Had cautioned government against hasty demonetisation: Raghuram Rajan

Former Reserve Bank of India Governor Raghuram Rajan has reiterated his views that India’s demonetisation exercise was not a good idea and its implementation was ill-planned, adding that he had cautioned the government about it, when the idea was brought up.

"Demonetisation I think was not a well-planned, well thought-out, useful exercise. And I told the government that when the idea was first mooted. It seemed to me that people would find their way around," Rajan said at the Harvard Kennedy School in Cambridge on Wednesday.
The Indian government on 8 November 2016 demonetised Rs500 and Rs1,000 notes with the aim of reducing untaxed or black money in the system, removing counterfeit currency and an attempt   to curb terrorism. (See: All existing Rs500 and Rs1,000 notes denotified). 
"At the time of demonetisation, it was 87.5 per cent of the currency value. Any macroeconomist would say that when you are demonetising 87.5 per cent of the currency, better make sure that you print 87.5 per cent or pretty much close to that. India went into it without having done that," Rajan said.
"So it had a negative economic impact. But also the idea was that somehow people who had money stored in the basements, without having paid taxes on it, would sort of overnight see religion, come to the government and say sorry we were hiding these stuff, let me pay taxes on it. That was to some extent naive. Anybody who knows India knows that very quickly we find ways around the system," he added.
“I didn’t ever say that I wasn’t consulted (on demonetisation). In fact, I have made it quite clear that we were consulted and we didn’t think it was a good idea,” said Rajan who is currently the Katherine Dusak Miller distinguished service professor of finance at The University of Chicago’s Booth School of Business.
Rajan, who had expressed similar views immediately after demonetisation, said essentially the money that was scrapped came back to the system, "but it did not have the direct effect that was sought that a lot of people will pay taxes".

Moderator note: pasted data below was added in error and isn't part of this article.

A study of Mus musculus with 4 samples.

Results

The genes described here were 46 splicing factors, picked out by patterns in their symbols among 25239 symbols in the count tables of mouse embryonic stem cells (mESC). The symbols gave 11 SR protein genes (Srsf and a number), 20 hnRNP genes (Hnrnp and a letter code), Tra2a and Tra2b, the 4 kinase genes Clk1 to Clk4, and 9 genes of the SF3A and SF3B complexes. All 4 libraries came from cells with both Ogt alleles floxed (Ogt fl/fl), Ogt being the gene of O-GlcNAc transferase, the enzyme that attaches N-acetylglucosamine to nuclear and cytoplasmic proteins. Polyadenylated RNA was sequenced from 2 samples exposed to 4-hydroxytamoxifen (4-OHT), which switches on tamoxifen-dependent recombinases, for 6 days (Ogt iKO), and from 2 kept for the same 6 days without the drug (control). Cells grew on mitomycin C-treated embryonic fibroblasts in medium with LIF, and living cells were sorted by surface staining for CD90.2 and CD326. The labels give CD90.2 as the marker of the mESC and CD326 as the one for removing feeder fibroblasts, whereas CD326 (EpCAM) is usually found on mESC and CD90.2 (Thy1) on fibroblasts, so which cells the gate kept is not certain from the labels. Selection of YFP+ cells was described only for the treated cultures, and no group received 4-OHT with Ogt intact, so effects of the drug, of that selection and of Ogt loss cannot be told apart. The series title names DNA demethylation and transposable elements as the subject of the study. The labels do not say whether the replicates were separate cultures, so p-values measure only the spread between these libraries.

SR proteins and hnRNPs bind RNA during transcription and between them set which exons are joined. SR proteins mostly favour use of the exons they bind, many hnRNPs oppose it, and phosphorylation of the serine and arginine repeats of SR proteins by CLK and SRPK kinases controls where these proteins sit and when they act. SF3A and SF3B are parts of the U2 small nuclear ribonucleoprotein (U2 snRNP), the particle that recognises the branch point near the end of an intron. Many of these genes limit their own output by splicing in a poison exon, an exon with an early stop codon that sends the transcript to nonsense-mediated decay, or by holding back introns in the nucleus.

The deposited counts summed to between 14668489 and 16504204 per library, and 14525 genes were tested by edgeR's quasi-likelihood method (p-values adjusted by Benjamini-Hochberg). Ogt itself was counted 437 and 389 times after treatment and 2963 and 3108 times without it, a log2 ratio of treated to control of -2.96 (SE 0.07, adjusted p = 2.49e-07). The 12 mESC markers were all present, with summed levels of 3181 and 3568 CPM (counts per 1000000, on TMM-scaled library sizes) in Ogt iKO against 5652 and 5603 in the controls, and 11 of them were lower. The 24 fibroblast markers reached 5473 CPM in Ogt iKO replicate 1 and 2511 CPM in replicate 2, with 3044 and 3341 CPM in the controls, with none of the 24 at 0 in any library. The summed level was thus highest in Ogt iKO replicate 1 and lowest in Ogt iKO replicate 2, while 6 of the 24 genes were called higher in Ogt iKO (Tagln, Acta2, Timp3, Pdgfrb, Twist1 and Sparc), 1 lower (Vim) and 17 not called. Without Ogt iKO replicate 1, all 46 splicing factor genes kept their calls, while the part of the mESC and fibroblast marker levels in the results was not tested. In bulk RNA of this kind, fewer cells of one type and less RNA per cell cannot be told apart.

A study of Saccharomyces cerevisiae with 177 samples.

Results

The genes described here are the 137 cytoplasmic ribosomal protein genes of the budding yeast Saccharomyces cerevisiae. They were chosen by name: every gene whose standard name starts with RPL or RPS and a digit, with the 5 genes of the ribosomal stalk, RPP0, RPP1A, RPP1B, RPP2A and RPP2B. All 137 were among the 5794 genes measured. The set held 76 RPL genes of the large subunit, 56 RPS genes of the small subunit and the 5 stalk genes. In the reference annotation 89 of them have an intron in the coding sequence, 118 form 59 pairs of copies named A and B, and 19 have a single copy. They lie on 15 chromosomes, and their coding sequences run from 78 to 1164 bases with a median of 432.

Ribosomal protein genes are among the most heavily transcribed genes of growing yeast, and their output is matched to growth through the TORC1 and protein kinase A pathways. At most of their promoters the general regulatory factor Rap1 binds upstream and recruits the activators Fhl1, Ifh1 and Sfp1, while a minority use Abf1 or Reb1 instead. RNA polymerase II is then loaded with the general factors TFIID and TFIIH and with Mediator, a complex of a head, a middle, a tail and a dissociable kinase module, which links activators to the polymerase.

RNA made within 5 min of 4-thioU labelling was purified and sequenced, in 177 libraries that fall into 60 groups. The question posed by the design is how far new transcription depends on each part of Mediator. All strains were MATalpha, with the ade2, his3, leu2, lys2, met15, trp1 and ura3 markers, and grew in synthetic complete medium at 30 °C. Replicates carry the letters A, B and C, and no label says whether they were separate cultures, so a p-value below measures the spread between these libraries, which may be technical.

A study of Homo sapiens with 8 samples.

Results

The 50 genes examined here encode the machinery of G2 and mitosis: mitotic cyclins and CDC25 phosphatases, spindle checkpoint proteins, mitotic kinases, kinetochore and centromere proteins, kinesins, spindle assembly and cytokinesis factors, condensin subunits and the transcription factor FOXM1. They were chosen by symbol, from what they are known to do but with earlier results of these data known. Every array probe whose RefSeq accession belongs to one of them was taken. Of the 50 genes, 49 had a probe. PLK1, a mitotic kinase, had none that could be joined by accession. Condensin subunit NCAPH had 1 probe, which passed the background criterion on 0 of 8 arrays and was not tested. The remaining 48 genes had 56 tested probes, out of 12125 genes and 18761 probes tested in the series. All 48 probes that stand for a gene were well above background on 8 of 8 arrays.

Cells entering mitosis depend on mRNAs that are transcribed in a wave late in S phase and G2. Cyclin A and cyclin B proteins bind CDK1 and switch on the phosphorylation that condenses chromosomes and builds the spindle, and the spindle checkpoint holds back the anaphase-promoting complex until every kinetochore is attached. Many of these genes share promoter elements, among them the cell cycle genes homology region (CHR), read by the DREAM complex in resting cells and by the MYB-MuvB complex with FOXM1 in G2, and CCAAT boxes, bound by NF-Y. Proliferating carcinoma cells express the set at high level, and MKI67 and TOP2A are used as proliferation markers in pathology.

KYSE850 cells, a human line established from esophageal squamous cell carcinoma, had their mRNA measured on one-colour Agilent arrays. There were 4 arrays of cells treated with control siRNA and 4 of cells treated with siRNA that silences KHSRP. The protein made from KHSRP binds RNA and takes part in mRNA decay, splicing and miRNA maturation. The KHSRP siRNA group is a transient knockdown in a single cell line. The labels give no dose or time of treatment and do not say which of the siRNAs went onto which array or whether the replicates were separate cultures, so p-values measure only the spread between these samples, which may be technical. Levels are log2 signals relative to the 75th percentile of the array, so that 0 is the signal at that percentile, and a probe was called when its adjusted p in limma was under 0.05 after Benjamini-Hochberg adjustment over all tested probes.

"There may be some longer term impact that people think that if this sort of thing happens, that the government is serious of collecting taxes, there may be greater tax payments, but we still have to see strong evidence that that is true," the ex-governor said.
"So the negative economic impact of people not having currency, not being able to pay, economic activity plummeting, especially in the informal sector - that happened. A lot of people probably lost their jobs; we do not count that well because it is the informal sector.
"The positive impacts are out there in the future, we do not know whether they will be important and to my mind, it was not a policy that was useful at that time."
He estimated the cost of demonetisation to be between 1.5 and 2 per cent of GDP.
"I do not think there is huge amount of dispute about it. I don't think even the government necessarily challenges that and it would be a really diehard government advocate who would say that growth benefits of demonetisation were immediate."
Talking about the non-performing assets and multi-crore Punjab National Bank scandal, Rajan said the worry is some of the banks still follow an antiquated system.
"The worry is systems are not adequate to prevent rogue dealers, rogue employees colluding and making off with stuff," he said.
Regarding the newly introduced Goods and Services Tax, he said, "GST implementation, we will figure it out eventually. It would be nice if we can implement it much better than we do. But it is not an unfixable problem, we can work on it. I won't give up hope on that at this point of time."